Jazz at the Movies
Down through the years, jazz has graced many a Hollywood production with sass, class and swing.
By Bob Weinberg
Jazz and the movies grew up side by side in this country. Twin sons of different mothers, they developed into dominant popular entertainments of the 20th century, their respective global influences proving all but incalculable. Both were initially viewed by cultural gatekeepers as disreputable pastimes, agents of Satan designed to lure masses away from religious teachings and to subvert societal mores. So, naturally, audiences embraced them like naughty uncles at a holiday gathering.
Jazz and cinema synched beautifully. The first motion picture to prominently feature sound? The Jazz Singer, of course. The movie stunned audiences in 1928 with its synchronous use of sound for the musical sequences, a harbinger of what was to come. In one of the movie’s few spoken lines, Al Jolson presciently ad-libbed, “You ain’t heard nothin’ yet!” The story itself was perfectly suited to the essential conflicts of the era. A cantor’s son, portrayed by Jolson, grapples with a dilemma: Should he fulfill his father’s wishes and take his place at the synagogue or pursue dreams of stardom? Also presaging the happy marriage of movies and jazz, the film’s score boasted hits such as “My Mammy” and “Toot, Toot, Tootsie (Goo’Bye!).”
The union of jazz and cinema strengthened over the decades. Larger-than-life characters from the jazz milieu — Louis Armstrong, Cab Calloway, Hoagy Carmichael — became familiar presences on the big screen. Fred Astaire movies popularized songbook standards such as “Cheek to Cheek” and “The Way You Look Tonight.” African-American performers earned greater prominence on the screen, while still battling stereotypes and outright racism, their sequences sometimes cut from prints shipped South.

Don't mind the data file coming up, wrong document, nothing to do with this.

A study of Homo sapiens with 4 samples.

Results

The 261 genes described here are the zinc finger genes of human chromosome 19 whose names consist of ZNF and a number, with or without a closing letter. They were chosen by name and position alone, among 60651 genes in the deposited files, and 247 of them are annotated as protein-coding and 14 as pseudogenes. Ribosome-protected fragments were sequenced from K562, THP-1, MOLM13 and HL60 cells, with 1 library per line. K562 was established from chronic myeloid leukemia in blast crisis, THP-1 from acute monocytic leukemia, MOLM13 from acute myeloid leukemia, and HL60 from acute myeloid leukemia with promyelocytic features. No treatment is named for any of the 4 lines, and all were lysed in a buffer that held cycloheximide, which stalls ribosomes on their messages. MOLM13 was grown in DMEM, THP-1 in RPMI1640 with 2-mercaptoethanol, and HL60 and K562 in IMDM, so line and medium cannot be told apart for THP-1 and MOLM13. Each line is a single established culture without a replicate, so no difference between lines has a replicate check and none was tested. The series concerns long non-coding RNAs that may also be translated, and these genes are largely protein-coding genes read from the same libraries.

Jazz fit the postwar film-noir genre like Sam Spade’s fedora. It’s shadowy cinematography and often-complex morality were well-suited to urban settings. Star composers emerged, such as Elmer Bernstein and Bronislaw Kaper, whose scores made liberal use of jazz forms and instrumentation. Sometimes filmmakers turned to jazz artists, such as Duke Ellington and Miles Davis, to score their movies. And even as jazz dwindled as popular entertainment, filmmakers continued to utilize the genre to create mood or atmosphere, as reflected in scores by Henry Mancini, Lalo Schifrin and Randy Newman. Jazz biopics, from The Benny Goodman Story to Bird, comprise a subgenre all their own, providing showcases for their subjects’ music, while individual directors such as Woody Allen and Clint Eastwood made jazz a signature of their storytelling styles.
Today the jazz-movie connection is tenuous, as the music has become ever more marginalized. Still, there are flickers of hope, such as the fine score to the 2014 film Whiplash. Justin Hurwitz’s original, modern big-band jazz follows the narrative arc of the movie, which tells the tale of a gifted young jazz drummer and the instructor who kicks his ass at the conservatory.
So, with an eye toward triumphs of the distant and recent past, a nod to this year’s Academy Awards on February 22, and a recognition that this piece represents but a kernel in the deep popcorn bucket of cinema-jazz pairings, we salute some of our favorite instances of jazz in the movies.